Worlds longest Beaver dam


The Ottawa Valley Railway train went of the tracks around 3.10 a.m. when it ran into 180 meters of washed out tracks on an embankment just besides the Ottawa River. The OVR is a short-line railroad with 550 km of track between Coniston and Smiths Falls with CP interchanges at Sudbury and Smith Falls.

The destructions of three successive beaver dams was blamed for the wash out of the rail embankment. The collapse of the dams apparently released a wall of floodwater up to 12 feet (3.7 meters) high over part of the tracks.

“The washout is believed to have resulted from flooding that began when three up-river beaver dams were destroyed,” Michelle King, a railway spokeswoman who works for Burdette Ketchum, said in an e-mailed statement. “They’ve been having a lot of rain and snow recently,” she said. One burst beaver dam led to a second washing out, and then a third, she said (Todd Zeranski)

Both crew members of the train had minor injuries in the derailment, which remains under investigation. The diesel spilled from the train’s engines, which were flipped onto their sides, Kate Jordan, a spokeswoman at the Ontario Ministry of Environment in Toronto, said.

JENNIFER HAMILTON-McCHARLES, THE NUGGET: By the time Jim Fournier saw the missing train track it was too late. There was nothing he could do but hold on and brace for impact.
The engineer with the Ottawa Valley Railway was on board a 29-car train when it derailed near Mattawa Wednesday morning spilling 20,000 liters of diesel fuel into the Ottawa River. It's like we hit a wall. We stopped dead just like that," Fournier said Wednesday evening. It was more wild than any ride at Canada's Wonderland." Fournier was heading west to North Bay from Petawawa when he saw that a section of track was missing.
I saw it at the last minute, this dead spot, a great big hole where there was no track," Fournier said.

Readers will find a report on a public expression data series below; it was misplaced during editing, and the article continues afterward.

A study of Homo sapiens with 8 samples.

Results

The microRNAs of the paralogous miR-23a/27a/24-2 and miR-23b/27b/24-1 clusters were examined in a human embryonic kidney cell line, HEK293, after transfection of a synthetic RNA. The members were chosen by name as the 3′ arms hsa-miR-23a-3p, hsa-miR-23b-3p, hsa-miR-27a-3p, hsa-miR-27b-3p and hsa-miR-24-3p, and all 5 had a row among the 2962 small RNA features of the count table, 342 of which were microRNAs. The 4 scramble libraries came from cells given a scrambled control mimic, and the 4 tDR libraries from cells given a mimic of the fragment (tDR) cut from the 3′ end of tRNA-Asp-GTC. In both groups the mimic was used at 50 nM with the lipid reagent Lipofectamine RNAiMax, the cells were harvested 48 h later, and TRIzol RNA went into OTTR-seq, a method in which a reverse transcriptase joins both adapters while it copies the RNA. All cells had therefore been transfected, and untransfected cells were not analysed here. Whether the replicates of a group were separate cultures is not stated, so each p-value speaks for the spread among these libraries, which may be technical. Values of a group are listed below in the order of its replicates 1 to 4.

"There was no time to react, we just held on. It happened so quickly. We were just holding on and hoping to not fly out of the window."
Fournier, who was visibly shaken recalling the derailment Wednesday evening, said he draws a blank when he tries to remember the time between impact and when the crew started climbing out of the locomotive.
In no time the train was on its side and we were in this six-foot hole of mud and water," he said.
We knew the engine was on its side, but we were in shock. We had no choice but to climb 12 feet to get out of the conductor's window.

Figure 1. Google Earth low resolution image (2003) showing area of railway track wash out causing the derailment. A number of beaver danm controlled lakes and wetlands can be seen on the higher ground to the left.

Figure 2. A collage of images of the derailment area provided by various news paper articles, in particular the local news paper the North Bay Nugget and some from the CBC.


Figure 3: Topographic Map of the Derailment Area. The red oval indicates the approximate wash out area. The dotted red line the water flow

Figure 4: 1989 Aerial Photograph of the derailment area. (National Air photo Library Collection, NAPL Ottawa. The blue arrow points to the wash out area. The dotted red oval shows the location of the in the 1930-40s abandoned lumber village of Klock.


Figure 5. Year 2000 NASA Landsat imagery (World Wind source) below.